The height and breadth of China’s advance across the world economic stage over the past five decades has been breath-taking, leaving traders and investors wondering where and how to step in.
The recent Asian Financial Forum (AFF), organised by the Hong Kong SAR Government and Hong Kong Trade Development Council (HKTDC) featured two sessions to help show the way.
At the Breakfast Panel – Unleashing the Dragon's Currency: Navigating Renminbi Internationalisation on the Global Stage, representatives of leading financial firms weighed in on the expanding role of the renminbi globally and Hong Kong’s importance as the leading international hub for the currency.
In welcoming remarks, Laurence Li, Chairman of Hong Kong’s Financial Services Development Council (FSDC), pointed out that the renminbi had become the fifth primary reserve currency fifth most-traded currency, as well as being second-highest currency for settling trade.
However Mainland China was by far the largest trade nation in world and trade in its currency lagged behind the economy’s trade status.
“This can mean just one thing; the trend can only continue, with the renminbi playing a bigger and bigger role.”
Joseph Chan, Under Secretary for Financial Services and the Treasury of the HKSAR, said renminbi use was accelerating and the People’s Bank of China, the mainland’s central bank, had just the day before deepened links with Hong Kong, including allowing overseas investors to participate in bond repurchases and expanding electronic renminbi, or eCNY, pilot scheme in Hong Kong.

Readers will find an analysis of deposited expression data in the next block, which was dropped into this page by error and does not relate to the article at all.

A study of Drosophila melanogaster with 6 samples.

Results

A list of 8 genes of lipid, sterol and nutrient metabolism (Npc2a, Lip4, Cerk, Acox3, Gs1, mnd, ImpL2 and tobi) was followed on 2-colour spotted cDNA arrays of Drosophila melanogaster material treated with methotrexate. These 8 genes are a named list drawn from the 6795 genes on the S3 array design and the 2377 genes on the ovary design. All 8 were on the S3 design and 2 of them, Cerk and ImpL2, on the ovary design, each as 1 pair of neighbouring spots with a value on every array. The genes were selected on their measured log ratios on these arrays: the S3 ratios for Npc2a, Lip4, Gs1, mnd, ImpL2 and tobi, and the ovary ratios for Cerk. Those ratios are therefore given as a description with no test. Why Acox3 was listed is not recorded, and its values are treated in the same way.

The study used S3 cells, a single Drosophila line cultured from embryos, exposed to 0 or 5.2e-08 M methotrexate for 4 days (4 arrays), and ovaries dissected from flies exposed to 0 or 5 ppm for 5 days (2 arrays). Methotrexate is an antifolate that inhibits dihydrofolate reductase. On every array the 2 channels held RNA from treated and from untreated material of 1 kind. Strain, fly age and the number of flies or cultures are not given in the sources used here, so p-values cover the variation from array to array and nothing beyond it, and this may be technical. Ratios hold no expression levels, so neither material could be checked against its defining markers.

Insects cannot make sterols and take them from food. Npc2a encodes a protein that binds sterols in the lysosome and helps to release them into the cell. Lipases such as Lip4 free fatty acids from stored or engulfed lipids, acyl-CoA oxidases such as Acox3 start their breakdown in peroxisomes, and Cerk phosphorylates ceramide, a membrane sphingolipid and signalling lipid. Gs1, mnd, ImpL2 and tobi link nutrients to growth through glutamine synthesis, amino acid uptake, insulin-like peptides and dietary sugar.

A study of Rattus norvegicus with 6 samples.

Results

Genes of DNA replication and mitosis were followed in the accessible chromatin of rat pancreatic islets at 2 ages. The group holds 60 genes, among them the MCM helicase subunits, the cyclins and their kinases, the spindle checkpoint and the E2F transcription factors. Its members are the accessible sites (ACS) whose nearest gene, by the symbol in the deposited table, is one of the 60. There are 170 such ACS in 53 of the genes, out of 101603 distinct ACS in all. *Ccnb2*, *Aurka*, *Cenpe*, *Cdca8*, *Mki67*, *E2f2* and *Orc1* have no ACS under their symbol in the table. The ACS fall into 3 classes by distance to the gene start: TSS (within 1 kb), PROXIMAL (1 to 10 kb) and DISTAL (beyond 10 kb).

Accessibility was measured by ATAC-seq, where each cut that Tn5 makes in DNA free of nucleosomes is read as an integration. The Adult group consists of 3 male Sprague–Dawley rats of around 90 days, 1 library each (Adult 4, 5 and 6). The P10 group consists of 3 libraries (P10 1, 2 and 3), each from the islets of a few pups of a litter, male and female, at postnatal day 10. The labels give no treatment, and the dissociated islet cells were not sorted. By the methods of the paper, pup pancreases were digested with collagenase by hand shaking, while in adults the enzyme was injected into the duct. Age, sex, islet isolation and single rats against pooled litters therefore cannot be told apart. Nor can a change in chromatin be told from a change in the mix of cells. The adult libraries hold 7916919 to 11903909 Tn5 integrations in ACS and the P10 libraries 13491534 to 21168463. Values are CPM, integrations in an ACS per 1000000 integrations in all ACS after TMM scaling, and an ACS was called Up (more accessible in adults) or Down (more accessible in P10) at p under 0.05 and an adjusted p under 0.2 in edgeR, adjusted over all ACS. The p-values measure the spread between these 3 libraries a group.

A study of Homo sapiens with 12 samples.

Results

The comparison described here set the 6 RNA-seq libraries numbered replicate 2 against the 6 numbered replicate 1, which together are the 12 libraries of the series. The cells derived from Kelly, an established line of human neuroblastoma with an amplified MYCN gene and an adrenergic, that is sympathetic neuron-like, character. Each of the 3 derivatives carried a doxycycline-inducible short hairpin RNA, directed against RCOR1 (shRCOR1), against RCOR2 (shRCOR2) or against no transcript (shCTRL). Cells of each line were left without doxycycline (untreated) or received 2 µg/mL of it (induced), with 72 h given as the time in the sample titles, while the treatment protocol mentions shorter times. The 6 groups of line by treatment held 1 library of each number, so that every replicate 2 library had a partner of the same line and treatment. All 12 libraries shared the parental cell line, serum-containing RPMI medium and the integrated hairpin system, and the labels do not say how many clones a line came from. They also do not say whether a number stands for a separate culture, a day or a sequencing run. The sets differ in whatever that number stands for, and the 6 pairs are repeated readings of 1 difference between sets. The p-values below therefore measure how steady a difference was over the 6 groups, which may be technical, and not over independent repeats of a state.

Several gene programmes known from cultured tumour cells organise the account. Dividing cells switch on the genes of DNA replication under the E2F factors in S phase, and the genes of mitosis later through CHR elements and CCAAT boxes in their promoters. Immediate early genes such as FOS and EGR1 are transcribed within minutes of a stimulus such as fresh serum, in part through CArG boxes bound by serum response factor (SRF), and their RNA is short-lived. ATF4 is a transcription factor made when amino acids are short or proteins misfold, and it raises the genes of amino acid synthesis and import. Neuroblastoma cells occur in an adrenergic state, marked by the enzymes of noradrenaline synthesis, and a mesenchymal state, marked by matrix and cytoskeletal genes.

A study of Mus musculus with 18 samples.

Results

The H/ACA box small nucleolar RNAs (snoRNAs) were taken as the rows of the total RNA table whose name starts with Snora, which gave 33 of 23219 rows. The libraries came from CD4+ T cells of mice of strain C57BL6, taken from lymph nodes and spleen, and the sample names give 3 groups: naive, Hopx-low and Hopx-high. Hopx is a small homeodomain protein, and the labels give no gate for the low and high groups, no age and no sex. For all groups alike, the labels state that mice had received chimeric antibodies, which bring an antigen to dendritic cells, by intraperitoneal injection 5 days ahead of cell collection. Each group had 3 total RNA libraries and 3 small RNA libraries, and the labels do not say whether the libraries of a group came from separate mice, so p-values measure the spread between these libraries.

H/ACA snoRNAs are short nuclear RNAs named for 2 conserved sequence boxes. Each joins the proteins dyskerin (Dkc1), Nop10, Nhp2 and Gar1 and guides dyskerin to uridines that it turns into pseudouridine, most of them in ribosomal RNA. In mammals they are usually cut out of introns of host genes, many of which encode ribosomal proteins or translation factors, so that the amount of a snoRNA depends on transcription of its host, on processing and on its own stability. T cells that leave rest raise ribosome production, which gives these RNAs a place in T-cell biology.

Nicolas Mackel, Chief Executive Officer, Luxembourg for Finance said the mainland government had deployed an effective strategy, selecting several financial centres for renminbi expansion, including Luxembourg.
ICBC clearing bank set up in in Luxembourg in 2014 while the Luxembourg Stock Exchange had carried the first dim-sum bond listing outside China.
Karen Ng, Managing Director, China Opening & RMB Internationalisation at Standard Chartered, said renminbi use for currency settlement was growing, with more invoices and more attention from both multinational and local companies. The rise in cross-border business would continue with 41 markets having bilateral currency swaps with the mainland.
Enquiries from ASEAN countries reflecting shifts in supply chains, showing Asia was becoming a strong growth engine. African ran a risk of facing US dollar shortages and the renminbi could fill the gap.
Looking at the mainland’s economy overall, the AFF also hosted a panel discussion, Stewarding China’s New Chapter.
Panel Chair Professor Fan Gang, President of the China Development Institute, gauging the broad view, asked the audience to vote on which business sector had the highest potential for Mainland China.
Innovation and technology won the day, with the digital economy taking 31.4% of votes. Electric vehicles (26.1%) and renewable energy (18.8%) followed in second and third place, respectively. Advanced manufacturing drew 15.8%.
Prof Fan noted that the mainland had surpassed Japan to become the world’s top vehicle exporter last year and electric vehicles played a key role in this success.
Jan Craps, Co-Chair & Chief Executive Officer, Budweiser APAC and APAC CEO, AB Budweiser APAC said Mainland China stood out as the world’s largest beer market, consuming one in every four beers sold worldwide. Consumption was increasing. Of the beers sold in the mainland, just one in six carried a premium brand against four out of 10 in overseas markets, indicating the quality segment had plenty of room to grow.
Prof Fan noted that consumer goods were less impacted by geopolitical turmoil.
Fang Feng-lei, Founder and Chairman of HOPU Investments, said the sheer size of the mainland market was a key attraction. The distressed assets sector had potential offered good potential. Over the next decade many highly investible companies would turn multinational.